Brother Guy Consolmagno, SJVatican Observatory
This event is presented by the McGrath Institute for Church Life at the University of Notre Dame as part of The Steno Lectures; Discussions at the Intersection of Faith and Science and co-sponsored by the Lumen Christi Institute, the Society of Catholic Scientists, and the Harvard Catholic Forum.
As the human race increasingly covers planet Earth, we are providing an ever-growing target for the regular impacts of near-Earth objects. What are the odds that impactors from space will do major damage to human life on Earth? What’s the underlying science? And what are the larger implications for our place in the universe?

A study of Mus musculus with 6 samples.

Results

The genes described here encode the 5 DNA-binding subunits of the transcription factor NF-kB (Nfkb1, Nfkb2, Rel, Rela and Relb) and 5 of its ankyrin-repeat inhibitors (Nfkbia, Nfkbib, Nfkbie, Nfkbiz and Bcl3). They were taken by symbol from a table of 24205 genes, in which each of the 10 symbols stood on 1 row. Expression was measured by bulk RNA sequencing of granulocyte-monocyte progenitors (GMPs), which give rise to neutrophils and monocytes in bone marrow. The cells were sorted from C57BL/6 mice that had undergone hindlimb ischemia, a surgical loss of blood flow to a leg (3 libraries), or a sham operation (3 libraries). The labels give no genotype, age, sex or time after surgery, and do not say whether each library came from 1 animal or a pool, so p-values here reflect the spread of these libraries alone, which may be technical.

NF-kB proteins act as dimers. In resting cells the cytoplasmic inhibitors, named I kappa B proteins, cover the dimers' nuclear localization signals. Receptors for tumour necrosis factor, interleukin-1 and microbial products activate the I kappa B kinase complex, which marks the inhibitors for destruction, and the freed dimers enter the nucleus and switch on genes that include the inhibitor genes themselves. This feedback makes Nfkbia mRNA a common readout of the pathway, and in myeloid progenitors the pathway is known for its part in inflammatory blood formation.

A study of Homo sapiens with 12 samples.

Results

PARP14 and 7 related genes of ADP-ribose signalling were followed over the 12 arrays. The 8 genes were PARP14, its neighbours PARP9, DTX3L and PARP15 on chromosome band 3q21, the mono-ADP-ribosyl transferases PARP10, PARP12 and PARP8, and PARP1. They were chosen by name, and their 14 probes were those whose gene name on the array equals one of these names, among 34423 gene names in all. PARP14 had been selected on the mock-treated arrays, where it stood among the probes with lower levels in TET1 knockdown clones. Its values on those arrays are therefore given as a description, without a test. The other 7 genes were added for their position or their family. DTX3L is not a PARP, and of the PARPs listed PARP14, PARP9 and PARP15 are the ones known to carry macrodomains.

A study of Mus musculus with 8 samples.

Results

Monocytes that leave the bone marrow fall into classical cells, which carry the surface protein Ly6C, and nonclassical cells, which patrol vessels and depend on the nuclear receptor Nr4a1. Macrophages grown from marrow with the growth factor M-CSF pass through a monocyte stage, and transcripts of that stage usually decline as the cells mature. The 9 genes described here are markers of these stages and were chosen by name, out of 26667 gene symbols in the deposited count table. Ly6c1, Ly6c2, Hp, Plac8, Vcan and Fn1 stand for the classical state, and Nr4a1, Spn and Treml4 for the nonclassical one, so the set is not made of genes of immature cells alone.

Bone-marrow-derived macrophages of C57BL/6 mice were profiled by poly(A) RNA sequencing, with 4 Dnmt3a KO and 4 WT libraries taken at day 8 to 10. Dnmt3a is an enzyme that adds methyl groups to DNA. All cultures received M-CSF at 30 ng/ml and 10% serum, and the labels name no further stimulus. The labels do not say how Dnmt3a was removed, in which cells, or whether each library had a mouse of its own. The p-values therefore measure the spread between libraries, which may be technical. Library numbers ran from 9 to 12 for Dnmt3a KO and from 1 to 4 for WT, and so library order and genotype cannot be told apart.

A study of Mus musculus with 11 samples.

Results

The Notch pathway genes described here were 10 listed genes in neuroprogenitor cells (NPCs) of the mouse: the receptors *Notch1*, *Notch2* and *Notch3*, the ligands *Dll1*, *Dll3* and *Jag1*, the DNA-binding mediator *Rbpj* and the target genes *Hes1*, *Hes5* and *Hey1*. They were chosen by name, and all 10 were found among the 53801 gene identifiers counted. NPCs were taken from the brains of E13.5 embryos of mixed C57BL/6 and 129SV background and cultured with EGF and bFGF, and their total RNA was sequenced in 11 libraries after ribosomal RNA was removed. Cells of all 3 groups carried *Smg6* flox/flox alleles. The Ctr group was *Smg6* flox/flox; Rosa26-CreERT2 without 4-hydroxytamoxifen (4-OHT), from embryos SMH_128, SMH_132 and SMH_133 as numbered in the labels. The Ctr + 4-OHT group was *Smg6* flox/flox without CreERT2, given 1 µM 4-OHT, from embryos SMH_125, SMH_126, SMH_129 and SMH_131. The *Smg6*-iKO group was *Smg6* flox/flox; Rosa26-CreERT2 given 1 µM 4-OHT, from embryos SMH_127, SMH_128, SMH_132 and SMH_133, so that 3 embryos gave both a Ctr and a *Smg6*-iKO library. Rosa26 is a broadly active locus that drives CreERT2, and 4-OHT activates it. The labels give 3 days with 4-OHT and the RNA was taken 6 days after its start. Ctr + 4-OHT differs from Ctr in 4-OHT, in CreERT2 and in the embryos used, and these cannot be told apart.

Brother Guy Consolmagno, SJ, is Director of the Vatican Observatory and President of the Vatican Observatory Foundation. A native of Detroit, Michigan, he earned undergraduate and masters' degrees from MIT, and a PhD in Planetary Science from the University of Arizona. He was researcher at Harvard and MIT, served in the US Peace Corps (Kenya), and taught university physics, before entering the Jesuits in 1989. At the Vatican Observatory since 1993, his research explores connections between meteorites, asteroids, and the evolution of small solar system bodies, measuring meteorite physical properties in Castel Gandolfo and observing distant asteroids with the Vatican's telescope in Arizona. Along with more than 200 scientific publications, he is the author of six popular books including Turn Left at Orion (with Dan Davis), and Would You Baptize an Extraterrestial? (with Paul Mueller, SJ). Brother Guy Consolmagno is a member of the Society of Catholic Scientists.